CashFusion is a privacy-enhancing feature for Bitcoin transactions that combines two key ideas. The first idea involves enabling trustless, private, multi-input CoinJoins with blame capabilities through a commitment-based multiparty computation scheme. The second idea eliminates the equal-amount concept and focuses on increasing privacy by using a large number of inputs and outputs.

The primary goal of CashFusion is to make it computationally impractical to iterate through all possible partitions of inputs and outputs in a transaction. This is achieved by significantly increasing the numbers of inputs and outputs. The mathematical analysis involves Stirling numbers of the second kind, which determine the number of ways to partition a set of n objects into k non-empty subsets.

For example, if there are 8 players in a fusion round with a transaction containing 50 inputs and 50 outputs, the number of possible ways to partition the inputs into 8 non-empty subsets is approximately 3.5 x 10^40. The same applies to the outputs. Multiplying these two numbers gives an astronomical figure of approximately 10^81 possible combinations.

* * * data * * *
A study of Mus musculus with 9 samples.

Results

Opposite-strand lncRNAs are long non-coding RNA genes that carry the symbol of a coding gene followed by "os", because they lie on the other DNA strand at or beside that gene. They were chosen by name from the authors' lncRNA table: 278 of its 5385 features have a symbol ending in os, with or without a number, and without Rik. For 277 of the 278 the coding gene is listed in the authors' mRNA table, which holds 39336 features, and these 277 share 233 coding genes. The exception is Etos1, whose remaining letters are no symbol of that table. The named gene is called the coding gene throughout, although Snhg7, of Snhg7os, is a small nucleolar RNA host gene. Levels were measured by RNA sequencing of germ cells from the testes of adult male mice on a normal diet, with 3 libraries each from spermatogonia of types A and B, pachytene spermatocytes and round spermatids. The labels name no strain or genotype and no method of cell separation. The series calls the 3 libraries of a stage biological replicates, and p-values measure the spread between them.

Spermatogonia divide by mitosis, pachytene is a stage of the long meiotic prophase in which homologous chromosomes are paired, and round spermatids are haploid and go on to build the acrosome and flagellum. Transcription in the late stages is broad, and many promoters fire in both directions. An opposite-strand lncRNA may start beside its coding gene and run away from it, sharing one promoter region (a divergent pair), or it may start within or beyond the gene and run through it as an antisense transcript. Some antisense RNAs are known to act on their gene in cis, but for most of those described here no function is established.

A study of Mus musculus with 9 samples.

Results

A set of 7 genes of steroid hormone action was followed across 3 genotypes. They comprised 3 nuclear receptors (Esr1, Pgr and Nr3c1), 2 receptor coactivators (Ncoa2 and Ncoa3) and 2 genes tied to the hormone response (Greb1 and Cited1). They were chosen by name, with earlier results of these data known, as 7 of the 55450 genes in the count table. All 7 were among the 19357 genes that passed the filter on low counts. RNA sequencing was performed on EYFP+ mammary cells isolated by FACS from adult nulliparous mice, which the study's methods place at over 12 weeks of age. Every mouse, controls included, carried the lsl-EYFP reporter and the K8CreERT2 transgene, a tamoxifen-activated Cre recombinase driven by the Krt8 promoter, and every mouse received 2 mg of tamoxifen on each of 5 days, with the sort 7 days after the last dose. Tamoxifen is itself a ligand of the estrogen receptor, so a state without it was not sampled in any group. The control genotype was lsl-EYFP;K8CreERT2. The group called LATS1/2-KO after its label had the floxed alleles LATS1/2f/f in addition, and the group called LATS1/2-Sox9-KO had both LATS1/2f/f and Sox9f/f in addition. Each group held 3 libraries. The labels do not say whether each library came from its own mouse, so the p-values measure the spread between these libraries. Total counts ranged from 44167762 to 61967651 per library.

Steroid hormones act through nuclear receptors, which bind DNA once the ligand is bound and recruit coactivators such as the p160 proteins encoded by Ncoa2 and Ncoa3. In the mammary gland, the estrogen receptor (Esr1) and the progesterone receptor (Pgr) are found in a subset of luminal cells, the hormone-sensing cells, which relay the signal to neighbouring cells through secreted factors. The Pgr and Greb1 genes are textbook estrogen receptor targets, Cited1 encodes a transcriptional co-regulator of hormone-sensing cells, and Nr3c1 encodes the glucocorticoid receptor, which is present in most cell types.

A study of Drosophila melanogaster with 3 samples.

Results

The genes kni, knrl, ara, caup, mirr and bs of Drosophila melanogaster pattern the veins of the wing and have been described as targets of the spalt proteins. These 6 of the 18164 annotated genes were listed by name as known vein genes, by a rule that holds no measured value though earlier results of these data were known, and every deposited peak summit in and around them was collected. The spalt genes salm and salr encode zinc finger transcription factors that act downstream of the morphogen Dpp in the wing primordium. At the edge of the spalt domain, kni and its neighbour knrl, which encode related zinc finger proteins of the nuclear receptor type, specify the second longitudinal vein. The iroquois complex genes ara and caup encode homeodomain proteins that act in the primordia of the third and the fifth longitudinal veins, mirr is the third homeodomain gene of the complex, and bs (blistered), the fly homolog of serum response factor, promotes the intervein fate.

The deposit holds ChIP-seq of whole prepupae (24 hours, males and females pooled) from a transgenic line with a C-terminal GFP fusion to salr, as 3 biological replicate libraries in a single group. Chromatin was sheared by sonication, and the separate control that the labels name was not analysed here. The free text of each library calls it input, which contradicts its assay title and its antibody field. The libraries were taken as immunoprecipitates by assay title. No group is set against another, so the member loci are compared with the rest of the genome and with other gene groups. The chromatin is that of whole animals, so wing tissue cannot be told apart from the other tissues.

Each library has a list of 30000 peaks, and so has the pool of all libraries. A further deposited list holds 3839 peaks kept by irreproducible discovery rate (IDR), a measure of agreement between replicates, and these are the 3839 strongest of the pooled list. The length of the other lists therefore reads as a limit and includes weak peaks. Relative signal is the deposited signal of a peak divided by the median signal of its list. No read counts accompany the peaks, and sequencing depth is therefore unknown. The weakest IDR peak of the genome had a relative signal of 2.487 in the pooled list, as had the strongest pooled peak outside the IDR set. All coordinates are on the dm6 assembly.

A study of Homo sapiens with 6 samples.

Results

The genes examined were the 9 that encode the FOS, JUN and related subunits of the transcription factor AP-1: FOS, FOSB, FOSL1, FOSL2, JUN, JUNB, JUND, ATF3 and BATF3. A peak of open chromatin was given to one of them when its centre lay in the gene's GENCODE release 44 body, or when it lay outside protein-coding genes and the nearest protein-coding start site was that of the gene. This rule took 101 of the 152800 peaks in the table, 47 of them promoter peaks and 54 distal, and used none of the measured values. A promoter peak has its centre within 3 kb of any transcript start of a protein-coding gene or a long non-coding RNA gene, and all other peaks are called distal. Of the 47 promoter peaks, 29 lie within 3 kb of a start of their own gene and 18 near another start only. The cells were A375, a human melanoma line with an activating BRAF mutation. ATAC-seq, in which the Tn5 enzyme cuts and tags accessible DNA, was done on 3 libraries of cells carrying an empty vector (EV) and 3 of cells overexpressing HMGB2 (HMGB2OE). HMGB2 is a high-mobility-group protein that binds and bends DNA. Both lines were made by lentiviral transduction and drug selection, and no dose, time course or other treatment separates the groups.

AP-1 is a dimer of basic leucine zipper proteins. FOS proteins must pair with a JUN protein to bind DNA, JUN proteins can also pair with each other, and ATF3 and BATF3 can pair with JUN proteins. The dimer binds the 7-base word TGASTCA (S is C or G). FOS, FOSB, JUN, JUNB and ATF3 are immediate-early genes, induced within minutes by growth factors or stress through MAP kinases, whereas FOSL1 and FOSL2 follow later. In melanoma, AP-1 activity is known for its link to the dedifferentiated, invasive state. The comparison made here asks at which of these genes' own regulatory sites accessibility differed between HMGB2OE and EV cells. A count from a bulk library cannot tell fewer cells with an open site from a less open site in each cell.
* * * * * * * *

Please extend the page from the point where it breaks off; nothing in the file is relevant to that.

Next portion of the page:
To secondary goal if CashFusion is to make it so that that even with infinite computing power, there would be a large number of valid partitions. Using a scenario with 10 players and conservative assumptions, the calculated ratio of valid partitions to possible values is 34 billion to 1 billion. This conservative estimate considers a uniform distribution of sum values within a range, acknowledging real-world variations. The argument emphasizes the wide distribution of possible combinations and the immense number of partitions, making finding valid ones highly probable.

In summary, CashFusion leverages mathematical principles, such as combinatorics and the concept of randomness, to create an extremely large and practically unsearchable space of possible transaction partitions, enhancing privacy and making it challenging for external parties to trace and analyze the path of ownership of funds.

More Information:

Do CoinJoins Really Require Equal Transaction Amounts for Privacy? Part One: CashFusion analyzing the Combinatoric Math in CashFusion More CashFusion Math Is CashFusion Really Anonymous?